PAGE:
Mary, Jesus, Goldfinches, and Guns

Mary, Jesus, and Goldfinches

In late medieval Europe, portraits of Mary and Jesus were often graced by a tiny, winged visitor: a European goldfinch.

Why?  Art historians say that because this particular bird is often found eating thistle seeds and gathering thistle down, the goldfinch's appearance in these paintings is a reference to the crown of thorns (or the crown of thistles) that was placed on Jesus’ head during his Passion.  According to legend, when Jesus was carrying his cross up Calvary, a goldfinch fluttered above his head and mercifully plucked a thistle from his brow.  In doing so, the bird's face was stained red with a drop of Jesus’ blood – and that flash of red, surrounded by those wings of gold, can still be seen today.

I wonder, however, if those artists who added goldfinches to their paintings also knew that the birds’ nests are entirely female-built – or that they build them within only a week's time, taking after “Our Mother who art in Heaven.”  For seven days they weave together tiny palaces of moss, lichen, and thistle down, and then miraculously bind them all to tree branches using spider silk.  What's more, they engineer each nest to be deep enough to prevent the loss of their eggs, and later to grow baby birds in even the most windy, stormy weather.  

Every time I see a goldfinch with Jesus and Mary, my mind wanders to such things.  I imagine the painter saying, "Look, see how Mary made such a good nest for her little boy.  He felt so loved and so safe in that palace of moss and lichen, that nest of tenderness and care, that he could grow into the courage he’d need to face a world full of thorns.  And there he learned, too, that sometimes the most apparently fragile things – a spider’s silken thread, or a ray of hope on a difficult day – are often the very things that bond us together most strongly, that help us endure, that hold us fast when the storms come along."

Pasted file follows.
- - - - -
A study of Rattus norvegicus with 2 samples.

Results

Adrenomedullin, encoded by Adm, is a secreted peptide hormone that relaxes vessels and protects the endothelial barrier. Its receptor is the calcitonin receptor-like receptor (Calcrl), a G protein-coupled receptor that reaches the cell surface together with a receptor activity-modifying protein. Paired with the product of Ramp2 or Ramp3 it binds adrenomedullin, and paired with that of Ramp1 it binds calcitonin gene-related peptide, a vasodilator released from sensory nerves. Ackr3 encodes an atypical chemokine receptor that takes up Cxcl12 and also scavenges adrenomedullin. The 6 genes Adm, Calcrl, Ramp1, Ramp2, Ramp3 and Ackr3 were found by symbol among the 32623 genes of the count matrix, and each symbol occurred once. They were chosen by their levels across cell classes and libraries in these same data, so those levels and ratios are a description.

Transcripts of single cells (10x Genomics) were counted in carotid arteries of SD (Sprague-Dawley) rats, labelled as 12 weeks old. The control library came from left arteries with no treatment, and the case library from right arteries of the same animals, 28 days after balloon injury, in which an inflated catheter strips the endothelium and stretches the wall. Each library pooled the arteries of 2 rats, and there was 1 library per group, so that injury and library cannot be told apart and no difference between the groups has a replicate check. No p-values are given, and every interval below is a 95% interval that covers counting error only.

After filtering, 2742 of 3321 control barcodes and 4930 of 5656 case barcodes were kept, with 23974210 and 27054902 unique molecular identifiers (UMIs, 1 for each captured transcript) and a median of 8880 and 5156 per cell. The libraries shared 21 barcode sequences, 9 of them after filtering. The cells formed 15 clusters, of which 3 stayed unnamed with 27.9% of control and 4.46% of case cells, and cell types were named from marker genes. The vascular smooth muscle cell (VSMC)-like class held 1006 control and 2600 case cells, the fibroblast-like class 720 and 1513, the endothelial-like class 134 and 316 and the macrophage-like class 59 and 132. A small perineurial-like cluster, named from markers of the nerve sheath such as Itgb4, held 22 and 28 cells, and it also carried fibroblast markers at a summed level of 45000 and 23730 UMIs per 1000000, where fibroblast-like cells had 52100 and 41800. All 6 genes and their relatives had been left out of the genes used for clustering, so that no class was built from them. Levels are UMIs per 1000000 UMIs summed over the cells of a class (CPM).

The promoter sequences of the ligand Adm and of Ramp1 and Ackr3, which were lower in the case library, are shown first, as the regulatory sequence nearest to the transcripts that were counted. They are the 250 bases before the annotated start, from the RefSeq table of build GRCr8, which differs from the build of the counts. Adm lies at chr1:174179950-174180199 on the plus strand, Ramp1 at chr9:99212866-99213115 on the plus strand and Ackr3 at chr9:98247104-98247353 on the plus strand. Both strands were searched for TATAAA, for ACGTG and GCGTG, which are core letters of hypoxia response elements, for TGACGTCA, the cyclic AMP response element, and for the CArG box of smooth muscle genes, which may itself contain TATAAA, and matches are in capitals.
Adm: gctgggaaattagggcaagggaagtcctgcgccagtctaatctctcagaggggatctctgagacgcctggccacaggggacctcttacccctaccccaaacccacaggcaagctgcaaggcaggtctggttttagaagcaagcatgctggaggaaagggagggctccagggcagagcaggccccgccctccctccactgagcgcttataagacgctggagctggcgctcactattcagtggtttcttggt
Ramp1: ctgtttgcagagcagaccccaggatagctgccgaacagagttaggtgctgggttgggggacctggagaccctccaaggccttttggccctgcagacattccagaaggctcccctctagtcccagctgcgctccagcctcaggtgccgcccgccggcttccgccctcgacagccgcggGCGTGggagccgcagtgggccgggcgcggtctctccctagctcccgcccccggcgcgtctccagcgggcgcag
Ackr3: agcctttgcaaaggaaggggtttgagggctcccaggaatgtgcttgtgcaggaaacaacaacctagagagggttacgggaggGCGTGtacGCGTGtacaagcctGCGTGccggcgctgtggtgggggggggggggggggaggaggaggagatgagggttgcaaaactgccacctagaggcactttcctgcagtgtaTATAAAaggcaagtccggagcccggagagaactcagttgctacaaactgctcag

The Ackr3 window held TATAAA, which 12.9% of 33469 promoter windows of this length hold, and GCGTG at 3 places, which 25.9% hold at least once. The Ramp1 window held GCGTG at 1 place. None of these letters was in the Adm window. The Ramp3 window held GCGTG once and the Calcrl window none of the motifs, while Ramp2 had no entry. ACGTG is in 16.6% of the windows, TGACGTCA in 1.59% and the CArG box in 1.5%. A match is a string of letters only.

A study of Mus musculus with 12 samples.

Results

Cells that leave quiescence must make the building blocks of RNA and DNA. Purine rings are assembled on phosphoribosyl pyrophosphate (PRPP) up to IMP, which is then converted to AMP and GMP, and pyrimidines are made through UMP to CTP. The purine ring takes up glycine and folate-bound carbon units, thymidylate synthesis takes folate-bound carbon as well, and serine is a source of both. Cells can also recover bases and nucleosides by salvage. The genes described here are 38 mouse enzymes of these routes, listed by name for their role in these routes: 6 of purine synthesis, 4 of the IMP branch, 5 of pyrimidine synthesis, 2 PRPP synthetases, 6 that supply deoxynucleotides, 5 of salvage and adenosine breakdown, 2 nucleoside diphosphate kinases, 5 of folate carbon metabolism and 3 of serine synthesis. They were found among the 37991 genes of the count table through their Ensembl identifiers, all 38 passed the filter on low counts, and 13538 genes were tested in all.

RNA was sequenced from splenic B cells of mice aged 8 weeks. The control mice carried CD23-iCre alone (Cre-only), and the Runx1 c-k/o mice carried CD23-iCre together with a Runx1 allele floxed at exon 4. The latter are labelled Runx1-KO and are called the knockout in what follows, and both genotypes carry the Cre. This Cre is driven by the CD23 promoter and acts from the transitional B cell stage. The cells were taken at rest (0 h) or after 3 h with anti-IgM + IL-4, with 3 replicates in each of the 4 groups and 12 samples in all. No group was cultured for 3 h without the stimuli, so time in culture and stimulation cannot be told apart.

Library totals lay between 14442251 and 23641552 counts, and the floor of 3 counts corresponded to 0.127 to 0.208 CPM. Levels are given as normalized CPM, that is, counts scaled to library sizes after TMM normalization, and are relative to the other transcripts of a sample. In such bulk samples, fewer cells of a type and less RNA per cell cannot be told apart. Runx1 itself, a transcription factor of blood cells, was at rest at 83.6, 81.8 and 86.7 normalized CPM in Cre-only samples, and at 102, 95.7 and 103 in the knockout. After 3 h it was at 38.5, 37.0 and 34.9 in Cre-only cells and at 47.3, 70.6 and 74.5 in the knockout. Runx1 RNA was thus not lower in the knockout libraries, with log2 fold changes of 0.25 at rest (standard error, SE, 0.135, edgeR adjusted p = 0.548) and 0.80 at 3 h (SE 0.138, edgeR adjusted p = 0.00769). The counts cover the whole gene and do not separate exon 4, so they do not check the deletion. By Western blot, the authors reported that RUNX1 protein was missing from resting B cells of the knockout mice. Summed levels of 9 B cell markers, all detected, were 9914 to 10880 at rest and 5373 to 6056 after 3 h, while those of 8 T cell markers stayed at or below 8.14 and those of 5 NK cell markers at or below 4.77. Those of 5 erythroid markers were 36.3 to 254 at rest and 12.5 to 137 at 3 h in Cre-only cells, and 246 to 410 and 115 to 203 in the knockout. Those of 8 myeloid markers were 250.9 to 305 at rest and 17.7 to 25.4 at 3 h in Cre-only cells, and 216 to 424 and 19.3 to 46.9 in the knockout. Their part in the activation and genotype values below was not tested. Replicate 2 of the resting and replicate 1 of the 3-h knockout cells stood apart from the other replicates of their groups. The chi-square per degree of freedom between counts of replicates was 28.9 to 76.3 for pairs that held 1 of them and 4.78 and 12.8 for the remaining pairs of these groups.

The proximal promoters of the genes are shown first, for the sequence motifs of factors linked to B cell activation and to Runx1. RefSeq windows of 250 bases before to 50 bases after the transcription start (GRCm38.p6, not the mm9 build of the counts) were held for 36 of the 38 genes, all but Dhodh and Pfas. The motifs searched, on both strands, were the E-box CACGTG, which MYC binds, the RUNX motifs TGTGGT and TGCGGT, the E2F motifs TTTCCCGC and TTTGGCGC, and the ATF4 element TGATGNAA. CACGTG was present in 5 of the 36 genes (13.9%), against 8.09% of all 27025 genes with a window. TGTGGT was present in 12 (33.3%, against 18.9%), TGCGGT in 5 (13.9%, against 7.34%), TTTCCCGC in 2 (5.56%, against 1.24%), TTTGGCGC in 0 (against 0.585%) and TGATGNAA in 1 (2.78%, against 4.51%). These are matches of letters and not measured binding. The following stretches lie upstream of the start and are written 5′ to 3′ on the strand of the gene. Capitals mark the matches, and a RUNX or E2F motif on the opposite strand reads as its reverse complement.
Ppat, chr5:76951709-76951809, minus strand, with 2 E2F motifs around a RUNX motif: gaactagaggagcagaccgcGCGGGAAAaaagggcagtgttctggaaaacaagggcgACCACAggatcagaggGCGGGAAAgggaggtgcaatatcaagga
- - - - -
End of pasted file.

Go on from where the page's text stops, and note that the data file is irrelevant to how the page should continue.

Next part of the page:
And if Jesus learned these things from Mary, we can learn from both of them – and from the beautiful, unassuming, compassionate golden bird that can lift our spirits whenever we see it.  She darts and weaves.  She builds strong palaces out of fragile things.  And she’s unafraid to come close enough to pluck away a painful thistle, close enough to be baptized with a single drop of blood. 

It’s been almost two weeks since the school shooting in Parkland, Florida, and everyone in the media keeps saying, "This one feels different."  As they so often have in American history, young people are taking the lead:  they've been close enough to violence and death to be touched by drops of blood, and they are bold enough to insist on the strength of spider silk, the bonds of hope that draw us together and keep us safe.  Now's the time when the media cycle begins to move on - and so now's the time for the rest of us to step up and follow these teenaged goldfinches in their courage, their conviction, and their vision that this school shooting will be the last one in our lifetimes.

Oh, to live with even a touch of that brave goldfinch beauty.  To fly close to the heart of life, flashing gold and red in the late evening sun.

Thanks be to God for such a strong, loving, soaring, winged witness of goodness and grace!

Peace and thistles,

The SALT Team 

p.s.  Here's a little Butterflyfish song that reminds of our great, soft, and strong goldfinch God!